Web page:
The directive encourages energy efficiency and will increase energy savings in the building sector. It takes into account recent technological developments, thus bringing the existing rules up to date. The new simplified framework will cover the speed, quality and effectiveness of building renovation, with the long-term aim of moving to the decarbonisation of buildings.


As a result, the energy consumption of buildings in the EU, currently accounting for 40% of total energy, will decrease, contributing significantly to reaching the EU's 2020 and 2030 energy efficiency targets.


According to Kadri Simson, Minister for Economic Affairs and Infrastructure of the Republic of Estonia "Increasing energy-efficiency is a no-brainer: it’s one of the cheapest and most effective ways of reducing our energy consumption and contributing to our climate goals. Considering how much energy is consumed in buildings, getting this element right is crucial. It also has the additional benefit of reducing people’s energy bills. I believe we have reached a deal that will deliver the savings we need in a realistic way and I hope the member states can endorse the agreement next year"


Member States (MS) are now required to establish long-term renovation strategies to focus building renovation investment on highly energy efficient and decarbonised building stock by 2050. To guide investment decisions, MS will have to pay particular attention to mechanisms aimed at involving SMEs, target the worst-performing building stock and reduce the perceived risks of energy efficiency operations for investors.  


A new feature compared to the existing regulation is that the revised directive promotes electro-mobility by setting minimum requirements in buildings with more than ten parking spaces to roll out recharging points for electric cars. In new non-residential buildings and non-residential building undergoing major renovations, the installation of at least one recharging point, and ducting infrastructure to enable the installation of recharging points for electric vehicles, will be required for at least one in every five parking space. MS will set up the requirements for the installation of a minimum number of recharging points to all non-residential buildings with more than twenty parking spaces by 2025.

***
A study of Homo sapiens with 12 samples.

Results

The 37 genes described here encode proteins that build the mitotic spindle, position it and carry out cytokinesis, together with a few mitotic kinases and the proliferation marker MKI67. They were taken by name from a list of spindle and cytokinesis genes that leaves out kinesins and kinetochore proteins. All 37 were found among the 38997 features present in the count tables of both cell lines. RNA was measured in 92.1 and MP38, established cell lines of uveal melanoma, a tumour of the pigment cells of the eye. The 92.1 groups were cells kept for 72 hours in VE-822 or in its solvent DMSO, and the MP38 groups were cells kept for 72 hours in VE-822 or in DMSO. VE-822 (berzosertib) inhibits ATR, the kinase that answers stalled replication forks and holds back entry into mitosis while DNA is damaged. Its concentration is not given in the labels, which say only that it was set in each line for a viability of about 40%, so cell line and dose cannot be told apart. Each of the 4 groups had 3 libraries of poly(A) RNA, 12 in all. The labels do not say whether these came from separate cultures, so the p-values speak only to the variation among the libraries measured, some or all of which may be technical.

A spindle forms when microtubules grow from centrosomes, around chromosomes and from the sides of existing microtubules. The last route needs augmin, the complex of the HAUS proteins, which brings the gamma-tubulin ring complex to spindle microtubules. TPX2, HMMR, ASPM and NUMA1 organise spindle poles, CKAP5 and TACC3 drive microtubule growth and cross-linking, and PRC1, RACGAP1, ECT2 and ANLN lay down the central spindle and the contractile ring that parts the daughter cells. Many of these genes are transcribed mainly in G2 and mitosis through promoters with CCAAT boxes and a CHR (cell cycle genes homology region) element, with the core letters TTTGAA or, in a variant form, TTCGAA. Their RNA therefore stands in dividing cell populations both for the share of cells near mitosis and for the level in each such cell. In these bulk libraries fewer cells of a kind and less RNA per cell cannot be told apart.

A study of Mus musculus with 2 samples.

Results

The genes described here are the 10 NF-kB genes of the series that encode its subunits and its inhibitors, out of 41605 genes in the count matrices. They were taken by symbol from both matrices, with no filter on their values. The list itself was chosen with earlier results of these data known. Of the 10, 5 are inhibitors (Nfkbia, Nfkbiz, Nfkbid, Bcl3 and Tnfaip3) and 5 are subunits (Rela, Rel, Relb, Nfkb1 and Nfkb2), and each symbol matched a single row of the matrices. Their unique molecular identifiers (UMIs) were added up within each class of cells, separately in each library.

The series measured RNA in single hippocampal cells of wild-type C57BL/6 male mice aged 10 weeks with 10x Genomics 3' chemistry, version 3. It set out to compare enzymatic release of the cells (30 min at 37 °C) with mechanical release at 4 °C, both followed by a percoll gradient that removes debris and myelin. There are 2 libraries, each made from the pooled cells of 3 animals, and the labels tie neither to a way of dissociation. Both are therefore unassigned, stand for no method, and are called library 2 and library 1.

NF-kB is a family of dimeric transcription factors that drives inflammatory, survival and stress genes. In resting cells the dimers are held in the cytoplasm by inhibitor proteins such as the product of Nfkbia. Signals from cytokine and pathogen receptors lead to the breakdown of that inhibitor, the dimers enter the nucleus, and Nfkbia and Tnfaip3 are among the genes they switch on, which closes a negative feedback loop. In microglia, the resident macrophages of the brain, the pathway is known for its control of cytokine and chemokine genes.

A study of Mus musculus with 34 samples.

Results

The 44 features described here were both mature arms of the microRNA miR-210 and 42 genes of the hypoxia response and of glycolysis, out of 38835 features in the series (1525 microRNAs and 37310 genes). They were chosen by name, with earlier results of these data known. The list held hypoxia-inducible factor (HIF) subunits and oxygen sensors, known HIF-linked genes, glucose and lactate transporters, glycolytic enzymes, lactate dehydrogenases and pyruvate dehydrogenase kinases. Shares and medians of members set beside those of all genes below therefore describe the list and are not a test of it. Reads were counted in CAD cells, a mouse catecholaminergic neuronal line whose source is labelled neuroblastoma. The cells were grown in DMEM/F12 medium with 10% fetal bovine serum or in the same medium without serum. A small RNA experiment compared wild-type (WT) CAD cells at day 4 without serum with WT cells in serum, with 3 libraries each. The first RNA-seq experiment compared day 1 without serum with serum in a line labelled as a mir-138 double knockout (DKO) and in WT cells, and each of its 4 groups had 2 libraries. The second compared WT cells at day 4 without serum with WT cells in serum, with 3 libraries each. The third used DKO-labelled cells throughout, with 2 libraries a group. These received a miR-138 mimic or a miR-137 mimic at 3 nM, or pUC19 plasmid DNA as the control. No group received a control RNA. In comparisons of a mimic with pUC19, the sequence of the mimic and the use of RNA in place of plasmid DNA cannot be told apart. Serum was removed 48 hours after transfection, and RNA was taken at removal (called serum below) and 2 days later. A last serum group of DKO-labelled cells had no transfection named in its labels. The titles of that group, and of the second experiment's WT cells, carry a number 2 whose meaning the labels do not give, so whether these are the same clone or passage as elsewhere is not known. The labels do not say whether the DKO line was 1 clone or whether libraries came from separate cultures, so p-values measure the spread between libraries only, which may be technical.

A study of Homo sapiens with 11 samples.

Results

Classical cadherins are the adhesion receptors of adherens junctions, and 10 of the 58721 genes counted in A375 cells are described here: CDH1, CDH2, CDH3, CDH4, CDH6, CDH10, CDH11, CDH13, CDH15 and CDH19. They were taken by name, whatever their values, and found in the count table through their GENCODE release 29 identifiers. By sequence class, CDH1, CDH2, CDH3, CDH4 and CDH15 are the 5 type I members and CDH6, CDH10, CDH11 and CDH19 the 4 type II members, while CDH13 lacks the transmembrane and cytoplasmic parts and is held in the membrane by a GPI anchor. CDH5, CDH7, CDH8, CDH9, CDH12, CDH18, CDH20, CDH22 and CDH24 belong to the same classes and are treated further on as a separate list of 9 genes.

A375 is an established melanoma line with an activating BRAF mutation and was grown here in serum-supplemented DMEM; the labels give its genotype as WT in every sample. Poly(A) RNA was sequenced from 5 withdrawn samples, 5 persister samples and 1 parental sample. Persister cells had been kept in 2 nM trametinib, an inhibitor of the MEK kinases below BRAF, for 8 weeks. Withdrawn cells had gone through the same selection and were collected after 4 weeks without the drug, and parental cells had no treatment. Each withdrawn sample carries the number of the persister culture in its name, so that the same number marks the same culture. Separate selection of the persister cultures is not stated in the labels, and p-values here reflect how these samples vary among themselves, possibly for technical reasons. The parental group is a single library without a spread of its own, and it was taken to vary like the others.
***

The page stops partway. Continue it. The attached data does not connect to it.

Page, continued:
In order to assess the readiness of buildings to adapt their operation to the needs of the occupants, a voluntary Smart Readiness Indicator will be developed by the Commission.


The revised directive will clarify the setup of energy performance databases, should MS decide to voluntarily use them. Data collection will be limited to public buildings for which an energy performance certificate has been issued and data protection will be ensured by making anonymised data available solely for research purposes and to the building owner.


Inspections of heating and air conditioning systems in buildings are simplified. The new legislation recognises member states' competence to establish the appropriate inspection measures and the frequency of inspections. The uniform threshold for all inspections will be 70 kW. In addition, a feasibility study would be carried out to possibly introduce inspections for stand-alone ventilation systems. To simplify the process of increasing energy efficiency and rationalise the costs of inspections, effective alternatives, such as advice, can be put in place.


Buildings would be required to be equipped with automation and control systems by 2025 only when considered technically and economically feasible.


The digitalisation of the energy system is transforming and modernising the energy landscape at a fast pace. To make sure buildings operate efficiently, the new directive is aligned with the aims of the Digital Single Market and the Energy Union. The use of smart technologies and the integration of renewables to adjust and reduce energy consumption is encouraged as an integral part of future smart buildings.


Timeline & Next Steps


On 26 June 2017, the Council reached a general approach at the Council. The European Parliament endorsed the amendments to the proposal on 11 October 2017 in the ITRE Committee and during the plenary of 25 October 2017.


On 7 November and 5 December, two trilogues took place. Following this third and conclusive trilogue, the co-legislators will need to confirm the deal. EU ambassadors will be debriefed today, with a view to analysing and agreeing the provisional text in January.


Once formally adopted, the directive will be published in the Official Journal of the EU will follow, and the legislation will enter into force twenty days later. The transposition period for this legislation is 20 months.


For further information, please visit the relevant European Council webpage at the link below.